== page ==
Hello Pack. I appreciate all of you who reached out to make sure me and mine were doing alright since there hadn’t been a column for a while. Although I did have a health issue that had me nearly sidelined for a few weeks, all is well. We are only going to do these columns twice a month for the time being.
On our survival retreat this week we have been quite busy getting ready for spring planting, doing seasonal fence repairs, tending to all of our sprouting seeds, and welcoming some new critters to the farm.
Brea got a new horse, a wonderful palomino Tennessee Walker. While we could use some more pulling horses and hopefully will be investing in some soon, Walkers are my favorite breed. There is virtually no hill they cannot climb or terrain too rocky to traverse.
During a long-term SHTF scenario, a Tennessee Walker will be excellent for perimeter patrols, hunting, and getting around all of these beautiful hills in Appalachia to avoid roadways.
His name is Parker, and he came from just a mile or two down the road, so he is already used to our terrain and weather fluctuations.
Our banty chicks are doing well, and so are the mature hens I got from an Amish acquaintance. The goat kids just seem to keep on coming. We are probably going to have about six more and then the spring kidding will be complete.
Our ducks are starting to lay copious amounts of eggs, and the new hens are chipping in pretty well too. I expect to be dehydrating excess eggs in the very near future.
In my personal experience dehydrated eggs taste as good as the real thing when using them within two years to scramble, cook, or bake with in the kitchen … or over an open flame.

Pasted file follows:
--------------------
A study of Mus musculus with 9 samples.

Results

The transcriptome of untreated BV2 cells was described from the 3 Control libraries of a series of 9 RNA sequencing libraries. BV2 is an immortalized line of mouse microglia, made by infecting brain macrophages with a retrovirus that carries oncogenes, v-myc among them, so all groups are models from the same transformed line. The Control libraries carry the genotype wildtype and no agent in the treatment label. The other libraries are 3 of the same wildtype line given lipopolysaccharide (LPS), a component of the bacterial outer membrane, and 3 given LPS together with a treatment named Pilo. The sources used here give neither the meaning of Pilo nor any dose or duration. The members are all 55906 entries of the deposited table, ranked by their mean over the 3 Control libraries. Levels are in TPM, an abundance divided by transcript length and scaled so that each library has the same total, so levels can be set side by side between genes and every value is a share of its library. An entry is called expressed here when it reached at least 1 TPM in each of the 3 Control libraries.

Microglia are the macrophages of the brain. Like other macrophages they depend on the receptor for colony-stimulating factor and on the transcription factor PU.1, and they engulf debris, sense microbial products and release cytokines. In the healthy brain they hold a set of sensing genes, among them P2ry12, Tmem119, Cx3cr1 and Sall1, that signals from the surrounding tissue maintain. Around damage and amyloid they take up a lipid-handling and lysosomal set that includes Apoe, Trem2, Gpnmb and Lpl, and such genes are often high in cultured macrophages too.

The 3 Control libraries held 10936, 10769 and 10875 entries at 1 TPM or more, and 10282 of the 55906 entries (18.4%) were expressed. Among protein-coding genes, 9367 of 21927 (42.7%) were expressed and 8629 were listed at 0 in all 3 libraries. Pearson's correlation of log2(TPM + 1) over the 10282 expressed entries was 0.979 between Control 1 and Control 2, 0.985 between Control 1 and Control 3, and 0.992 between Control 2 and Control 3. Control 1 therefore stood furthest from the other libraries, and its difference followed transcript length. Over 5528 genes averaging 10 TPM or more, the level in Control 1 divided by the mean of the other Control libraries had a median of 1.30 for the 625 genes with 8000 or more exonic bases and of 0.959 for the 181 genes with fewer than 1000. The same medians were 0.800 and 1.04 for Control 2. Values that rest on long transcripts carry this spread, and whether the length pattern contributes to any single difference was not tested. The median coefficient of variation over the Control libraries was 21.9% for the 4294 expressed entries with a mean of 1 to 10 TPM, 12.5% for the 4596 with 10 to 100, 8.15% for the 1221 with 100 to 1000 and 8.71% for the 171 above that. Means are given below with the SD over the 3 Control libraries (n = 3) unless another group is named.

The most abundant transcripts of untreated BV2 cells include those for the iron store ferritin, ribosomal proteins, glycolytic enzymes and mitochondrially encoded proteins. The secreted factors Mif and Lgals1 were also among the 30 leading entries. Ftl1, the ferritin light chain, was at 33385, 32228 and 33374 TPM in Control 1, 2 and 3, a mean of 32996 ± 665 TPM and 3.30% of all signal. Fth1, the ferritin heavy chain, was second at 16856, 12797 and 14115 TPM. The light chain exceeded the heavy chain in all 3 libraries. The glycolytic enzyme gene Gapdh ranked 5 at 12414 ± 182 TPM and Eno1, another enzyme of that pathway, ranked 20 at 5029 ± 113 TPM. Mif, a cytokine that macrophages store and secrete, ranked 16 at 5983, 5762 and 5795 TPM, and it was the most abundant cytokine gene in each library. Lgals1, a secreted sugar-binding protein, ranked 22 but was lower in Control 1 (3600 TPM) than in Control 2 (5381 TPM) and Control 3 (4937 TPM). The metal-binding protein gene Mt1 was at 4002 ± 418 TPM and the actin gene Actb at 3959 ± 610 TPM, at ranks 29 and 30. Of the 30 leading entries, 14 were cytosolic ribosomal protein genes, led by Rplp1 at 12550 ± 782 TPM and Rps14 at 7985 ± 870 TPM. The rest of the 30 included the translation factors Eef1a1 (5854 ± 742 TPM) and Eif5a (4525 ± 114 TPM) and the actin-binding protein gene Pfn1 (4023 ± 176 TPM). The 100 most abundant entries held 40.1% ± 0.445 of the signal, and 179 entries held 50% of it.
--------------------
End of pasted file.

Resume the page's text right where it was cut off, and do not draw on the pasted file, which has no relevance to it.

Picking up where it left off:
I have been working on a gardening homesteading homeschool set of lessons with the grandkiddos for weeks now. Part of the lessons included getting some caterpillars and ladybug larvae to hatch – since they are helpful to growing crops.
Both the children and the adults have had a great time watching the process unfold and successfully helping to bring five new butterflies and seven ladybugs into the world.
Our maple tree tapping season was a complete bust. The weather was just not with us this year since you need temperatures above freezing during the daytime and below at night to get the sap flowing.
We did manage to harvest a decent amount of honey, and a lot of wax from my Bobby’s beehives. In late May, we can pick up another NUC of honeybees to add into the new hives, and increase our yield and crop pollination.
The search for more Mason jars, lids, and rings is about as crazy as it was when looking for rubbing alcohol late last year. If, and that is a big if, you can find any, expect sticker shock to ensue.
I got to meet Joe Blystone who is running against Mike DeWine in the GOP primary for governor. Thoroughly enjoyed the experience, and he is going to come to the Old School Survival Boot Camp in May to address the crowd from the stage on Friday evening.
This Week’s Questions:
Are you having a difficult time finding canning supplies where you live?
What are your favorite foods to dehydrate and how long do you store them before eating?
Are you all in on getting the pandemic vaccine or deciding to skip the whole ordeal and why?